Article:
Phil Dirt - Reverb Central - PO Box 1609, Felton, CA 95018-1609 USA The Jim Lindseys - Sink Or Swim
|This is issue number two for the Jim Lindseys. Where Rebel On A Wave was more desert than surf, Sink Or Swim brings more of a refined surf sound to the fore. More excellent writing and gently sophisticated arranging makes this a unique sidebar to the main stream surf genre. While you can play this for your grandmother's birthday party, and it would fit easily on a rainy day soundtrack, it's also very enjoyable in it's own right. Some tropical percussion and lots of moody scenes make for some pretty cool music.|
Picks: Out To Sea, Sink Or Swim, Monastery Life, Tropical Storm, Man In The Street, Desert Garage, True Love Ways, The Amazings
Track by Track Review
Soothing would be the watchword for "Out To Sea." It features a delicate damped beat with a simple longing and ghostly guitar line that floats on a sea of softly thumping rhythm. The whistles and vocal chorus add an air of adventure in the film score sense. More like a backdrop to the end of a satisfying coastal day than a central focus, and very enjoyable.
"Sink Or Swim" is an intriguing track with low-E double picked guitar lines over a relentless beat, and interesting post prog arranging. Surf and drama, a spooky out of genre rhythm track, and a moody sense of the swells. Cool song.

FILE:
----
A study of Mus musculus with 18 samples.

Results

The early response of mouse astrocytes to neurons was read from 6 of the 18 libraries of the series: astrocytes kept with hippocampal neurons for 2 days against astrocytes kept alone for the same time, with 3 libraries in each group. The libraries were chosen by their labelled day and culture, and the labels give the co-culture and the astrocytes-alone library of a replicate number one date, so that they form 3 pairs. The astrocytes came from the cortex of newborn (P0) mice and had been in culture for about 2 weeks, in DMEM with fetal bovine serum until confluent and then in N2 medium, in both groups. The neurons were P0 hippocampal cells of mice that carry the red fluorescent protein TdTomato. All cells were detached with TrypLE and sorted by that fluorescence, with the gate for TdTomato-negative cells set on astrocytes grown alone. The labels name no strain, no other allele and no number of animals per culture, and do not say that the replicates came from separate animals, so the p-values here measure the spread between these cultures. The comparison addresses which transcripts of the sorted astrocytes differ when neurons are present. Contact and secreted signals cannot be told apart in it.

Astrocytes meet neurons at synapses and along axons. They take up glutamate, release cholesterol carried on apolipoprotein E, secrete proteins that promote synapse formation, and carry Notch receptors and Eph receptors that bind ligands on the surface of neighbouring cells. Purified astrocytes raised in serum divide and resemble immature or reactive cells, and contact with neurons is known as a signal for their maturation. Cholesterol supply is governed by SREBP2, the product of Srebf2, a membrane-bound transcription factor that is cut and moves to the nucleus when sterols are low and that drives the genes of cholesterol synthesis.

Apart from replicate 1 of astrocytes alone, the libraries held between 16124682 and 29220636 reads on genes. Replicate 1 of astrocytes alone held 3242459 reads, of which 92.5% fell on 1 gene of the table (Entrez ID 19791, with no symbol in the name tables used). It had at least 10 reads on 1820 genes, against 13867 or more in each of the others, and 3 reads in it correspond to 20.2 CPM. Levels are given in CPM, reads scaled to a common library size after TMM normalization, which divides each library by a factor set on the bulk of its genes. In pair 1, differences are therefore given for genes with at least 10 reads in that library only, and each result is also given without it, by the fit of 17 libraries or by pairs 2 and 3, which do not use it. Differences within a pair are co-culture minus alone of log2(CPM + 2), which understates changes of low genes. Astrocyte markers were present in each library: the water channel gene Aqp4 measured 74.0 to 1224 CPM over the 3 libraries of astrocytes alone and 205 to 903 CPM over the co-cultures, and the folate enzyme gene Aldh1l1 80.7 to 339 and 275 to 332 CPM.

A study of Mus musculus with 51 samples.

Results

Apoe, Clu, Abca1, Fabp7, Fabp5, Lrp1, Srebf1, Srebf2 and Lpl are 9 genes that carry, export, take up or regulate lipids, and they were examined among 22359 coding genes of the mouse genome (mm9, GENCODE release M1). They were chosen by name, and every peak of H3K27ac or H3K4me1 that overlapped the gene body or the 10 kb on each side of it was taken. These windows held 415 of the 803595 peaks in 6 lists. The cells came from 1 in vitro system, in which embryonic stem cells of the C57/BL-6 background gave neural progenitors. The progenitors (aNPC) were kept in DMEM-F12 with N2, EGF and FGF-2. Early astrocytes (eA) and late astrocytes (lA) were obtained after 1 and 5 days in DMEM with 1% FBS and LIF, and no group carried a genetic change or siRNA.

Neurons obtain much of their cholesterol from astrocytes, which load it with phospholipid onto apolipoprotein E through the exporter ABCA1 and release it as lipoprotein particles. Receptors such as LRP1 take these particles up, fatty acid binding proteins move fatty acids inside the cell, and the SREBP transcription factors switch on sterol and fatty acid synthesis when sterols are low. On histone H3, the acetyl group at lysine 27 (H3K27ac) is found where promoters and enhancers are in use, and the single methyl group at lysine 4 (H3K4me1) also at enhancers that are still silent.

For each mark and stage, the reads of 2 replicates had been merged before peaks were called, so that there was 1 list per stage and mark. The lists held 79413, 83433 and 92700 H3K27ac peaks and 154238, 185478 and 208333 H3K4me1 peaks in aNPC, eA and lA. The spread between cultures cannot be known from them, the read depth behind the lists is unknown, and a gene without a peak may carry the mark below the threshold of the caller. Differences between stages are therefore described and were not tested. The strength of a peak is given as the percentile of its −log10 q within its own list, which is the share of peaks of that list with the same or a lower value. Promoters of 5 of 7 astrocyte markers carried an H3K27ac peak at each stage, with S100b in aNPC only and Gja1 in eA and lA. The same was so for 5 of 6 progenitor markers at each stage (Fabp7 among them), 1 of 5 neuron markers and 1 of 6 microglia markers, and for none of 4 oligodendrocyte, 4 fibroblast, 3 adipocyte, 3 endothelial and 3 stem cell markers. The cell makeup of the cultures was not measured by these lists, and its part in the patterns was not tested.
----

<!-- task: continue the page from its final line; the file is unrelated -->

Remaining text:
The floating melody line and delicately dribbling double picked accents, along with the long sustained notes, create a sense of rock at the coast, and the harmonies add a gentile feel to "Monastery Life." Quite nice!
The wind rises as the beat commences, and then the haunted guitar calls for the rain and blustering wind that sways the palms. "Tropical Storm" is quite an interesting track, very visual and spooky.
Haunted vibrato and silky bass lines, gentle drums and the shimmer of a summer rain at Sunset Beach. "Man In The Street" is quite beautiful, with a relaxed and easy flowing feel to it. Most unusual!
The voice whines ."..I'm late for my job at the desert garage" to introduce "Desert Garage." It's a nicely done track that's more about Arizona than the coast. A little edgy, with nice drum work.
Buddy Holly's first gushy love song "True Love Ways" is a suave vehicle for the Jim Lindseys. It's done in a gently tropical way that's both soothing and acceptable in the most sophisticated and easily upset environment, yet retains its credentials like some of Duane Eddy's work.
With a backtrack like a softened "Surfin' Ghost" (Malibooz), this vibratoed song flows with a polish and tropical inversion. "The Amazings" is quite enjoyable, with cool percussion and longing aural sensibilities.